Even though tea seems different and distinct in different parts of the world, all true tea leaves come from one type of plant: Camellia sinensis. It is a relative of the ornamental flowering camellia that graces yards throughout much of the United States. The Camellia sinensis is native to southwest China but is now grown all over the world. The differences in the way tea traditions appear in different parts of the world are due to the way the leaves of the Camellia sinensis plant are processed and how the tea leaves are then prepared and served.
I am drawn to tea both as a beverage and as a theme because it carries a universal appeal. It is truly a beverage that connects all corners of our globe. One can learn world political and economic history through the study of tea as a commodity. The study of tea service allows us to become familiar with the customs of cultures around the world. Taking the time to contemplate a simple cup of tea can awaken one’s palate and improve one’s sense of taste. It seems that there is no end to what one can learn through a study of this plant and its long and varied history.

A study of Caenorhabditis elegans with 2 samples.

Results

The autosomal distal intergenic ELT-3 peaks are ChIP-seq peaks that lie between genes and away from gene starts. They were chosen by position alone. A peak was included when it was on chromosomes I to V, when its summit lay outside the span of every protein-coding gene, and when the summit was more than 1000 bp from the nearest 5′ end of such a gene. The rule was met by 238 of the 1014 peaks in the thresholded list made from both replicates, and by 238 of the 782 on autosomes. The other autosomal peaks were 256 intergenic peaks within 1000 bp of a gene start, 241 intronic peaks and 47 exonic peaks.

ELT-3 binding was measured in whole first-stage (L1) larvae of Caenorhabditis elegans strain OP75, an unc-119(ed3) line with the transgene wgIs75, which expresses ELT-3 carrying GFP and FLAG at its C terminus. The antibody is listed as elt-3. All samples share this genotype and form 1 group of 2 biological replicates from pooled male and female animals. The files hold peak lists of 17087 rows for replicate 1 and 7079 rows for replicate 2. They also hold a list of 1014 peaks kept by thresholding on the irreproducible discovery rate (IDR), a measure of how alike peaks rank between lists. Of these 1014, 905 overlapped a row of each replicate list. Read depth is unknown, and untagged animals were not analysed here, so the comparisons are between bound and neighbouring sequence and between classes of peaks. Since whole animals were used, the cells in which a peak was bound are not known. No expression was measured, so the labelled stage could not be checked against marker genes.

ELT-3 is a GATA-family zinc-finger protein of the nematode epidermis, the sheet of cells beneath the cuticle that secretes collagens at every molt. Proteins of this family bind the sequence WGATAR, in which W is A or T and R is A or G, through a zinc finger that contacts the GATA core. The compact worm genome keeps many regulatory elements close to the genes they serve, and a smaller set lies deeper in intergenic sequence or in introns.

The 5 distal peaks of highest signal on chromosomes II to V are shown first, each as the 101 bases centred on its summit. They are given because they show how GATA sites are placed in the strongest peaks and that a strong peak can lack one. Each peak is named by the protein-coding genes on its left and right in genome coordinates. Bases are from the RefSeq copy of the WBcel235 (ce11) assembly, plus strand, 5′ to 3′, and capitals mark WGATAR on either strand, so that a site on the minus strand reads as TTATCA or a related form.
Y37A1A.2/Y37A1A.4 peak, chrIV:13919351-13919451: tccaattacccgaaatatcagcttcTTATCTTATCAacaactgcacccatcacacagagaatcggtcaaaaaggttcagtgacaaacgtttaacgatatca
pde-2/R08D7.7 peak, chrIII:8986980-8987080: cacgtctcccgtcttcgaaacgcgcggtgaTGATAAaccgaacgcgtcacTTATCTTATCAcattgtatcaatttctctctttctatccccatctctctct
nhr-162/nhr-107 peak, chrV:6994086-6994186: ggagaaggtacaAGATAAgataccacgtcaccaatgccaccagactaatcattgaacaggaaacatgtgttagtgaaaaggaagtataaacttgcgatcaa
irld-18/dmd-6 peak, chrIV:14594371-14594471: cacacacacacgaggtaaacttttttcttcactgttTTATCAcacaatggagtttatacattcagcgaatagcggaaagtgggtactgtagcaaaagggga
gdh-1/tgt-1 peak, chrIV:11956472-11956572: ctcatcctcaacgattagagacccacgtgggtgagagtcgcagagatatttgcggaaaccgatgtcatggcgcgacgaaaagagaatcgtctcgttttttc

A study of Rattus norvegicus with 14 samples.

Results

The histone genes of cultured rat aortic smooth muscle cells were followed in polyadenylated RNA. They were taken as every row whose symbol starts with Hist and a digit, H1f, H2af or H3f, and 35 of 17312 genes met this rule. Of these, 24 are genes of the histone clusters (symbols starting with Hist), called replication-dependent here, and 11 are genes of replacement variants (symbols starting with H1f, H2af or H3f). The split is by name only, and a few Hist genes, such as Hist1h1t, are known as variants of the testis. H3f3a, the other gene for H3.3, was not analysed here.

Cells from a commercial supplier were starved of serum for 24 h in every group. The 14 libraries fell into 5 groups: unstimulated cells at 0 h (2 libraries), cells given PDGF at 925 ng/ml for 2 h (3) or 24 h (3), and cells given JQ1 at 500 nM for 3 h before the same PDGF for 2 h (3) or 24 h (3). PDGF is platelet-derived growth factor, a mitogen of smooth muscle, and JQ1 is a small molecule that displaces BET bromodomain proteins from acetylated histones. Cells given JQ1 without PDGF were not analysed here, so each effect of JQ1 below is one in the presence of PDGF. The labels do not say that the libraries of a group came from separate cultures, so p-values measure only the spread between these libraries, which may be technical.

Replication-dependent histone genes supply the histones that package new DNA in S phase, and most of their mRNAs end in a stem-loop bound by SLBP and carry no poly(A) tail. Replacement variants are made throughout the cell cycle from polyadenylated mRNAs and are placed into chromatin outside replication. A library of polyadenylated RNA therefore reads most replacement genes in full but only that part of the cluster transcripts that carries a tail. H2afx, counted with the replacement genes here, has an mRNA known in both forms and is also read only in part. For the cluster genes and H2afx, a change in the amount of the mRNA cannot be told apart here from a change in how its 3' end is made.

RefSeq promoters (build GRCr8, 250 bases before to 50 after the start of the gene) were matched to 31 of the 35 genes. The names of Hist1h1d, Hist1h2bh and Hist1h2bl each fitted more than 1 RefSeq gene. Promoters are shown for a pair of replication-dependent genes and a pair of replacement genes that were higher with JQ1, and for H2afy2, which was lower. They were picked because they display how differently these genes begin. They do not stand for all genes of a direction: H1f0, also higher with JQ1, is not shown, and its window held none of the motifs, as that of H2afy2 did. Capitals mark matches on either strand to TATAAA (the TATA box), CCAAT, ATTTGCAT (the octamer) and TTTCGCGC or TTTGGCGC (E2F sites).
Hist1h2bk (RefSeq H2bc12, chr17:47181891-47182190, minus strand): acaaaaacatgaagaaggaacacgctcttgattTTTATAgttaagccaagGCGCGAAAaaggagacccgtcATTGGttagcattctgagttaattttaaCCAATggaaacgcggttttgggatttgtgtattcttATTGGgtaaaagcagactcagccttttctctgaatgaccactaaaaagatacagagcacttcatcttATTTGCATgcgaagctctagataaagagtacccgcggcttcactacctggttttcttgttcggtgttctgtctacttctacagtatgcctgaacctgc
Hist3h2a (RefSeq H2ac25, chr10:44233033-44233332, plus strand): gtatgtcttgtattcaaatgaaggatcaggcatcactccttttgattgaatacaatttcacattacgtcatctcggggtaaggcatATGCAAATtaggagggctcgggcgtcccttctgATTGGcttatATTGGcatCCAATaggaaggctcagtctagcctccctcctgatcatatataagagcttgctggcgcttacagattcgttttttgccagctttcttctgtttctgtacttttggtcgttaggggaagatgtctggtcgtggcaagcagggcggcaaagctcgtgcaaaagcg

As I have explored these different threads of study, I have discovered that there is a dark side to the tea industry. The history of tea commerce is marked by colonialism and an unfettered exploitation of native labor. But the plant itself is not to blame for these all too human realities. I hope that tea can overcome its checkered past to become a beverage and commodity that connects people all over the world as a symbol of hospitality, ritual, and serenity. My “Impressions of Tea” collage series pays homage to the ideal of this much-loved plant.
In this series, I use small boxes and found objects as my starting point. Each box contains it own theme or expression.